Academic impact, particularly within the policymaking process, can strike at unexpected moments. Earlier this week, the UK Treasury released a press release that included references to a 2010 LSE Public Policy Group report. Joel Suss, Managing Editor of British Politics and Policy blog, asks Patrick Dunleavy about the way in which the Treasury used his research findings to arrive at a figure of £2.7 billion. Does this whole episode also serve to illustrate the problems of mis-communication between civil servants and researchers?
What are the main problems with last week’s press release from the Treasury on the reorganisation costs of an independent Scottish Government?
The UK government correctly said that in our 2010 LSE Public Policy Group report Making and Breaking Whitehall Departments, Anne White and I estimated that the cost of setting up a new medium-sized department at UK national level was then £15 million. This covers just the extra expenses of reorganisation itself, and not any possible enhanced effectiveness gains. It is (if you like) the transaction cost of change (like paying a solicitor to do your house conveyancing).
The Treasury then took this £15 million estimate and said that an independent Scotland government would need to create 180 new bodies. (I’m not clear how they got that number.) Next they multiplied £15 million by 180 to get £2.7 billion as the ‘set-up’ costs of an independent Scotland’s government.
— Patrick Dunleavy (@PJDunleavy) May 27, 2014
This is a very crude series of steps to make. Alex Salmond has rightly pointed out that the Scottish government are not proposing to create 180 Whitehall-scale departments in Scotland. Whitehall departments are very big and expensive organizations, the Rolls Royce of administrative machines. The Secretaries of States, Ministers of State, junior Ministers and Permanent Secretaries all have large staffs and costly offices. Highly siloed Whitehall IT systems need to be altered and reconfigured. Offices need to be moved. Often staff contracts and pay levels from different departments have to be unified. And everything needs to be rebranded. These costs all add up. So our estimate was based on the size and function of an average Whitehall department.
Actually, many of the new bodies needed in Scotland could be very small. For example the UK Electoral Commission has an annual budget of £21 million for its work (covering a 61 million population). You certainly would not need to spend £15 million to create a Scottish Electoral Commission, covering only 5.5 million people.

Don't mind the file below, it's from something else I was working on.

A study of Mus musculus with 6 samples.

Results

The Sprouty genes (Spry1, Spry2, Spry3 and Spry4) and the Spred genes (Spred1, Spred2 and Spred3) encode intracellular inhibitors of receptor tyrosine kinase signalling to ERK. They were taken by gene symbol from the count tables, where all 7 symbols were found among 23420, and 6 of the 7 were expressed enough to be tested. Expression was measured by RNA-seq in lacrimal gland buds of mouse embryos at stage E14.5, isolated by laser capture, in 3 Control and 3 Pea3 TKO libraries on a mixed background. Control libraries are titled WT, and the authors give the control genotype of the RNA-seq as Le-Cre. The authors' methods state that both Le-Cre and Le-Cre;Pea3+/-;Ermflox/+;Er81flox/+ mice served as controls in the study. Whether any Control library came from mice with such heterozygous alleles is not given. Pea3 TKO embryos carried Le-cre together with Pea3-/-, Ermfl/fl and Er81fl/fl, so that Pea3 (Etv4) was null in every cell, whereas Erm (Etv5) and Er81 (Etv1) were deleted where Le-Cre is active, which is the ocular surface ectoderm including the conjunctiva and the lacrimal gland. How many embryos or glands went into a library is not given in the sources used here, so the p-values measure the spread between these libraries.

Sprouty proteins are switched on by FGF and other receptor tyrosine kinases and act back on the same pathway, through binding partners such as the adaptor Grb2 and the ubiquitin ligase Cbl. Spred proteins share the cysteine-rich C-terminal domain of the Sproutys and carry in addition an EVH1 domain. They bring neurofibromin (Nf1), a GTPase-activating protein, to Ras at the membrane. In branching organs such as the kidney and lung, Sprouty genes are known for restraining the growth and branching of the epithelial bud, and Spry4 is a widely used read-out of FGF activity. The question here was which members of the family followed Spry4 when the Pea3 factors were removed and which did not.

What does this episode say about the nature and complexity of academic impact?
I’ve actually just published a book (with co-authors) on how academic work has an impact on policy-making. So this is an interesting little incident to add to the picture, illustrating the problems of mis-communication between civil servants and researchers. It shows how people in government need to be a bit more engaged with academia in an effective (and not exploiting) way. It also shows how policymakers need to consider now the power of social media, such as Twitter. I simply sent two tweets yesterday afternoon [one of them above], which were then picked up, and then the story made the front page of the Financial Times.
How would you overall evaluate the information that the Treasury has issued?
I think that UK ministers and the Treasury potentially have a point in arguing that the Scottish Government has not been very forthcoming, they might even say evasive, about clarifying some of the costs entailed in independence. But there is no point in putting into public circulation misinformation to try to counteract that. My objection is that the Treasury have woefully misapplied our research estimates and that this did not need to have happened. If officials had rung me at any time (as e.g. any good journalist would) I’d have been very happy to brief them on our findings. and on the issues involved in producing good quality information here.
This is an extract from a longer piece which originally posted on British Politics and Policy.
Note: This article gives the views of the authors, and not the position of the Impact of Social Science blog, nor of the London School of Economics. Please review our Comments Policy if you have any concerns on posting a comment below.
Patrick Dunleavy is Co-Director of Democratic Audit, Chair of the LSE Public Policy Group, and a Professor of Political Science at the LSE.